F.M., Santa Monica
A: The signs of human trafficking may include: an appearance of violence, unexplained bruises, black eyes, cuts or marks; behaviors such as fear, anxiety, depression, hyper vigilance, nervousness; someone who is easily startled, agitated or afraid; an individual unsure of where she or he is; a person not in control of money or documents; a person accompanied by an older “boyfriend” or other “companion”; he or she is dressed to look older or not appropriate to the actual weather or situation; or a name or symbol is tattooed or branded on the chest, arm or neck.
If you think human trafficking is occurring, there are a number of options, including: (a) Call 1-888-373-7888; and/or call 911; (b) and/or text 233733; (c) report a tip online at humantraffickinghotline.org; (d) chat with the National Human Trafficking Hotline at humantraffickinghotline.org; (e) report missing children or child pornography to the National Center for Missing and Exploited Children at 1-800-THE-LOST (843-5678), or through their Cybertipline.Q: Human trafficking is an international tragedy and disgrace. What laws do we have to fight it?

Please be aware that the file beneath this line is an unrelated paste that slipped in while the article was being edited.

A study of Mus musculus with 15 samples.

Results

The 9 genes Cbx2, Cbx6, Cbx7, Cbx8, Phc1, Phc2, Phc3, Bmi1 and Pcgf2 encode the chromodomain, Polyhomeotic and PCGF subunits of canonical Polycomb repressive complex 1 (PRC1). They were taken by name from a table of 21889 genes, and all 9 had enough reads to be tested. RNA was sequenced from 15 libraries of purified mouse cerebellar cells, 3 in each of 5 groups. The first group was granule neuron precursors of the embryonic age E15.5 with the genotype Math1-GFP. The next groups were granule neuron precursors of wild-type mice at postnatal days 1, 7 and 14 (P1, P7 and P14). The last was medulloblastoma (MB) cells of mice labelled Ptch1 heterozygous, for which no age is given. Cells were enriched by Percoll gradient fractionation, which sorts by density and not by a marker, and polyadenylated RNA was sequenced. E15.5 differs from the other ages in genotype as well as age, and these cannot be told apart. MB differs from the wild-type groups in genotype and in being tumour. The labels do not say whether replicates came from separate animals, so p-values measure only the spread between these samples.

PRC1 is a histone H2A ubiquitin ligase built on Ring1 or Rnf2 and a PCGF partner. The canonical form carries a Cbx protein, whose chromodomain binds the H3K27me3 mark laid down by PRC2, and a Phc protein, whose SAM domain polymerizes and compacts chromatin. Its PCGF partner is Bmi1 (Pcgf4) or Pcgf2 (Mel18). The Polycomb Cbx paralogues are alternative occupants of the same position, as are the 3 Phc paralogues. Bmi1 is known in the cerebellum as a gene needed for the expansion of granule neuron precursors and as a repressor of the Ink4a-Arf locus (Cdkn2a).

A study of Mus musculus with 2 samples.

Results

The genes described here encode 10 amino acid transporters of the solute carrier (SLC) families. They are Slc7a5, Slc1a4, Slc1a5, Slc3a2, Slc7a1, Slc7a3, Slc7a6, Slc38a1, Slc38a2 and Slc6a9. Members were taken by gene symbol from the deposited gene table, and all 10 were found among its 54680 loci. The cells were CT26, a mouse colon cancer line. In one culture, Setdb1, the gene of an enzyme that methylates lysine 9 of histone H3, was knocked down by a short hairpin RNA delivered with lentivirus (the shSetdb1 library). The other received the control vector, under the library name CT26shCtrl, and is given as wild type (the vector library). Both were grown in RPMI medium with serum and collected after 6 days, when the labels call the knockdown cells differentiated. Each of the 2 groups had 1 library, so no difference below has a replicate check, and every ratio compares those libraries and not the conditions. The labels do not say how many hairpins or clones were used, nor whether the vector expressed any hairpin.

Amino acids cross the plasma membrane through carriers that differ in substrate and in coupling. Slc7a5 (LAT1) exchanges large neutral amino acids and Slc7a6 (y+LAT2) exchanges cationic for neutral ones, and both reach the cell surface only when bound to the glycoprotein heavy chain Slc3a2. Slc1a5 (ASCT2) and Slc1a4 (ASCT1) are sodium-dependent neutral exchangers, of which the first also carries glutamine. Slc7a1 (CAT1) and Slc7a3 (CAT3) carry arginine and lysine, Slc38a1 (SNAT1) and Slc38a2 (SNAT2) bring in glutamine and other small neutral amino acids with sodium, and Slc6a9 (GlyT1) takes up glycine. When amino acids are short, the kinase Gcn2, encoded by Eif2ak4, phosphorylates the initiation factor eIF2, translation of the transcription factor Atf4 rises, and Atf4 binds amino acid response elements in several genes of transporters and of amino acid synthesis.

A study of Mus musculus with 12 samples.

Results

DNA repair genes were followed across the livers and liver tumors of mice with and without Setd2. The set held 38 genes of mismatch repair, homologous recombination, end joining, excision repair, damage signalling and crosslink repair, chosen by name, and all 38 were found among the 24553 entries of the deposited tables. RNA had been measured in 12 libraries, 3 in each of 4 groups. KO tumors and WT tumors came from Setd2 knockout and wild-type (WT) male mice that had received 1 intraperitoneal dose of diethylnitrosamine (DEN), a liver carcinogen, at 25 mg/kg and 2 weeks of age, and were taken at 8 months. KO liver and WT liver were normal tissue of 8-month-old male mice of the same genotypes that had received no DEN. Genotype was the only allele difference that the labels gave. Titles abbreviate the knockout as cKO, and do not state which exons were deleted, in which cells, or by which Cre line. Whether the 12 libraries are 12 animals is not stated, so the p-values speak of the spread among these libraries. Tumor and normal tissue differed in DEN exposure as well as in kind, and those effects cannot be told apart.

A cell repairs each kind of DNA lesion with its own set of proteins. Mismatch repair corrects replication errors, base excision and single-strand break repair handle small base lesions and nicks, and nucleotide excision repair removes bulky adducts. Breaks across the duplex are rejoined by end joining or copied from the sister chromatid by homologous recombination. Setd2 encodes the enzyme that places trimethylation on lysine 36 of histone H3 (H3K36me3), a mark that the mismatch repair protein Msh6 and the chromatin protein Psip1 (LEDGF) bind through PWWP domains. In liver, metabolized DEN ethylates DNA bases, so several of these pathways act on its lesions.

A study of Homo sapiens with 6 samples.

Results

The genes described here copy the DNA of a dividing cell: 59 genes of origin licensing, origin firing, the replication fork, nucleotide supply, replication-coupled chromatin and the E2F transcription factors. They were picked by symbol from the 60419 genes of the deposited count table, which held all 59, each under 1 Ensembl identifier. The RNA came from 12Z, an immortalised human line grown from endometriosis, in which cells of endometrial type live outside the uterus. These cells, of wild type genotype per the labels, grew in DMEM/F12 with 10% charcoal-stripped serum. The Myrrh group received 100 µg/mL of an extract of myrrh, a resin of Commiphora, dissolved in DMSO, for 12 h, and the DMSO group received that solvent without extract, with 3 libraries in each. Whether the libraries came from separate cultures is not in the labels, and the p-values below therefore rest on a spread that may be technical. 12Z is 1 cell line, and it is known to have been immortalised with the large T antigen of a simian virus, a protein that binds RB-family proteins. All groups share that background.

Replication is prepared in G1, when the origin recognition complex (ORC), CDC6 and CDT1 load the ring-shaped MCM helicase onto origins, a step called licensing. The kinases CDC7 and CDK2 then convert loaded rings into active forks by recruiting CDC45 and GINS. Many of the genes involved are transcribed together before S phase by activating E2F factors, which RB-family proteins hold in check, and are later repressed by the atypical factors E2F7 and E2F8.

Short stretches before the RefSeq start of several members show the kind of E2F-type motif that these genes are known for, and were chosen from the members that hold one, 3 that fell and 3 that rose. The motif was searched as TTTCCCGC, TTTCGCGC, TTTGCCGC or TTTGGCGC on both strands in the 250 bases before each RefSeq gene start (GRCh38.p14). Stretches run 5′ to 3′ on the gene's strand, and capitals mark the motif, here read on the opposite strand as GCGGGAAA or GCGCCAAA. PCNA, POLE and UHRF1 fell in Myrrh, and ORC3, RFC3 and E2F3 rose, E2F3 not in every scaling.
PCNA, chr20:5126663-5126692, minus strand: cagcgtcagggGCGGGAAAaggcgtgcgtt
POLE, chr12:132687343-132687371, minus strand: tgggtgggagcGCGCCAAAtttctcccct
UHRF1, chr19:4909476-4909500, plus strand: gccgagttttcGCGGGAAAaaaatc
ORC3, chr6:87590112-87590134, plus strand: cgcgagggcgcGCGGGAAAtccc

K.T., Hermosa Beach
A: At the Federal level, there are many statutes on point: The Customs and Facilitations and Enforcement Reauthorization Act, which prohibits the import of goods here made through the use of human trafficking or forced labor; Intelligence Reform and Terrorism Preventing Act, which establishes the Human Smuggling and Trafficking Center to achieve integration and overall effectiveness in the government’s enforcement efforts; the Trafficking Protection Act, which contains methods of prosecuting traffickers, preventing human trafficking, protecting victims and survivors, and which has established human trafficking and related offenses as federal crimes; and, the Civil Asset Forfeiture Reform Act which provides notice to property owners whose properties have been identified as being utilized to facilitate smuggling or harboring aliens.
In California, if convicted of trafficking to obtain forced labor or services, punishment is 5, 8 or 12 years in state prison, as well as a fine up to $500,000. Two new California laws are focused on combatting human trafficking through required training and notice postings. Moreover, California Penal Code Section 236.1, which you can find on line, is quite comprehensive, and makes human sex trafficking a crime.
Ron Sokol has been a practicing attorney for over 35 years, and has also served many times as a judge pro tem, mediator, and arbitrator. It is important to keep in mind that this column presents a summary of the law, and is not to be treated or considered legal advice, let alone a substitute for actual consultation with a qualified professional.